In collaboration with the Berkeley Initiative for Mindfulness in Law, Prison Mindfulness Institute launched a Mindful Justice Initiative in 2014 and recently convened a Mindful Justice Conference at the Fetzer Institute’s Seasons Retreat Center with 24 influential leaders from the full spectrum of the U.S. criminal justice system, including current police and corrections officials, former judges, prosecutors and public defenders, victim advocates, program providers, law professors, restorative justice advocates and community activists. Meeting over four days, September 17 – 20, 2015, the group explored mindfulness-based approaches to transforming our criminal justice system and creating a system that is more humane, compassionate, effective and sustainable, one that is a force for healing and community resilience. The Seasons retreat and conference center located on a beautiful wooded property outside of Kalamazoo, Michigan, proved to be an ideal contemplative and nurturing environment for our Mindful Justice Conference. We also enjoyed lovingly prepared locally sourced meals.Leading up to the meeting, members of our planning group and various colleagues presented a series of short seminars on mindfulness with judges, prosecutors, public defenders, community corrections, probation and parole officers, police, correctional officers and other first responders in California, Colorado, Kentucky and Oregon, documenting the results and writing in-depth research papers on the state of mindfulness based programming and training in different sectors of the criminal justice system, including a paper on the extensive history of mindfulness meditation based programming for prisoners over the past 40 years.
During the conference, we discussed and agreed on a set of proposed principles that would guide our work to co-create a mindful, compassionate, restorative and transformative justice system: (these are in draft form and will require further refinement)
Inner transformation is a critical element in addressing the fundamental deficiencies in the current criminal justice system.
All people, including those who have committed serious crimes and made mistakes, have inherent goodness and that can and should be cultivated.
Those who operate our institutions of criminal justice need to be guided (internally in their own hearts) and externally (laws, policies and practices) by principles of respect for human dignity and compassion for others.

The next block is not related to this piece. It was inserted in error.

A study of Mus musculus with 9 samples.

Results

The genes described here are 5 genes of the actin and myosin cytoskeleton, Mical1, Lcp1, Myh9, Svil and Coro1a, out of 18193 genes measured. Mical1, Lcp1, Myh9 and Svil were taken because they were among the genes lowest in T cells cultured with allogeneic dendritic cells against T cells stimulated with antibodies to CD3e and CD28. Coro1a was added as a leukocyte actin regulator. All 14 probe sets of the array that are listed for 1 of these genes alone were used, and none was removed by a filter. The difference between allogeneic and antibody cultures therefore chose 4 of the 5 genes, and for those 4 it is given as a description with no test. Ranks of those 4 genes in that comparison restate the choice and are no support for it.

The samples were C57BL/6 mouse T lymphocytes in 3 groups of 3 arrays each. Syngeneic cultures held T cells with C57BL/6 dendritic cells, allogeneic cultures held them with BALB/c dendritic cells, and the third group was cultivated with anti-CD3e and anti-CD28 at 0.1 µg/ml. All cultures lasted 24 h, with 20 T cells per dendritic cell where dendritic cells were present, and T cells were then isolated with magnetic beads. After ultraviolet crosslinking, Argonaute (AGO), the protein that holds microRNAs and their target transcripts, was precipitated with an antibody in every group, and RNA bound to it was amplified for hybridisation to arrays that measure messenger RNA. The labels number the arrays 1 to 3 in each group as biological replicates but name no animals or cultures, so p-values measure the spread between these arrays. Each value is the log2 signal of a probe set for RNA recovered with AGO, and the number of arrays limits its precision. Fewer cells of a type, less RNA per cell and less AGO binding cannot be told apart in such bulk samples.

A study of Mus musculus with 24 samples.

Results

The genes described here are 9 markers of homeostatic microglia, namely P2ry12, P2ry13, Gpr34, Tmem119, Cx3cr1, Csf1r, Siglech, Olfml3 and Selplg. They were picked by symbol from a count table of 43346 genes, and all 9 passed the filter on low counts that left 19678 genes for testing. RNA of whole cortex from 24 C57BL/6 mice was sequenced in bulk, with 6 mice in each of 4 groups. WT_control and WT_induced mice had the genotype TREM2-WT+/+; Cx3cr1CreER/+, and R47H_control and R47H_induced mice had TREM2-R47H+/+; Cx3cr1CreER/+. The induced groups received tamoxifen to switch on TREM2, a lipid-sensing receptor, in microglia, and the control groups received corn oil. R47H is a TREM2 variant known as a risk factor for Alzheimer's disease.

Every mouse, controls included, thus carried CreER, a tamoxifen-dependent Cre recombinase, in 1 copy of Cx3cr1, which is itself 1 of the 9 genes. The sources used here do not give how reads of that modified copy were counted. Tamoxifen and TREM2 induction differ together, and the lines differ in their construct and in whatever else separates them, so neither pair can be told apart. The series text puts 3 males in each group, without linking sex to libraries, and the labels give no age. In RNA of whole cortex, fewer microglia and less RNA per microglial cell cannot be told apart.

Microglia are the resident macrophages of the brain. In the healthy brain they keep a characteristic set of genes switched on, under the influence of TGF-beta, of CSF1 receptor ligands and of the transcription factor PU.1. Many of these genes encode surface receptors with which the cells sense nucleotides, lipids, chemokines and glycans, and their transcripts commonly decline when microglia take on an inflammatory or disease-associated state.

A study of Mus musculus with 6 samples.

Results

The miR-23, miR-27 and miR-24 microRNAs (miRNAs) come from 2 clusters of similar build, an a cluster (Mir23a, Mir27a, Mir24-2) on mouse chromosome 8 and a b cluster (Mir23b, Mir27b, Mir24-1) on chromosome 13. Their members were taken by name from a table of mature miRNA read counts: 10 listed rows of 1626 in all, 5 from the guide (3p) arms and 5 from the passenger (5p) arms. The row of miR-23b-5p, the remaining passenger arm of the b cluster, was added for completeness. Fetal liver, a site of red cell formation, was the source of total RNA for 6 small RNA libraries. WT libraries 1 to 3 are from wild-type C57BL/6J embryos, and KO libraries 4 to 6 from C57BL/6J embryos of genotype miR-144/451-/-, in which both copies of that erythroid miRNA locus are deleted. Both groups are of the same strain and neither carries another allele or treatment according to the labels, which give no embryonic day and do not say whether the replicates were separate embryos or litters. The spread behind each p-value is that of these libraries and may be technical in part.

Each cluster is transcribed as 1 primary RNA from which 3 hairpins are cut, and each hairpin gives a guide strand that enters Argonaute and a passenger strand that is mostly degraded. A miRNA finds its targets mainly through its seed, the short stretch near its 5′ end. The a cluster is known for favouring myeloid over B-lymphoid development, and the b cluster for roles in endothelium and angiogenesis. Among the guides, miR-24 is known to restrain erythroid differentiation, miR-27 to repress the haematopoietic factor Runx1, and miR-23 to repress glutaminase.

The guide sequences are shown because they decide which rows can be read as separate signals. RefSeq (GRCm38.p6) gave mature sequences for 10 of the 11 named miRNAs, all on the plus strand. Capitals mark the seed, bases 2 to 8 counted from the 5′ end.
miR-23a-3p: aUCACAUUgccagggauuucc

Training and supervision of criminal justice professionals need to include reflective practices that support mindful practice, values and behaviors.
We recognize the disproportionate negative impact of the current criminal justice system on people of color and the poor.
Efforts to transform the criminal justice system need to involve engagement with the community at all levels.
We were committed to modeling what we hope to create by infusing the conference with mindfulness and reflective practices. We began each morning with 20 minutes of Chi Gong and 20 minutes of mindfulness meditation followed by a silent breakfast. We also invited various participants experienced with mindfulness practice to lead short mindfulness exercises at the beginning and end of each session throughout the day.
All of our sessions took place in a circle format in the beautiful vaulted meeting room at the Seasons conference center. Each evening we gathered for meditation and council, a listening/dialog circle creating a safe place for deep sharing. Our group bravely descended deep into the pain and suffering experienced by all participants in, and everyone impacted by, our current criminal justice system, discovering in the depths of this suffering and grieving a new found hope and the courage to envision a radically different approach to justice grounded in mindfulness, compassion, healing and transformation.
In our closing circle on the final morning, all the participants expressed gratitude and appreciation for this opportunity to practice and work together in this deep manner, hope and inspiration about the future and commitment to continue this co-creative effort to further grow a mindful justice movement in collaboration with all those seeking to create a more humane, just, compassionate and effective criminal justice system.
Micah lives in Providence RI, where he facilitates meditation classes in prisons, makes & teaches pottery, and takes care of a small vegetable garden. He is very excited to be on the mindfulness teacher training team, and hopes that you will join us!
Engaged Mindfulness Institute
EMI specializes in mindfulness-based emotional intelligence trainings for professionals and volunteers who support underserved populations and at-risk individuals and communities.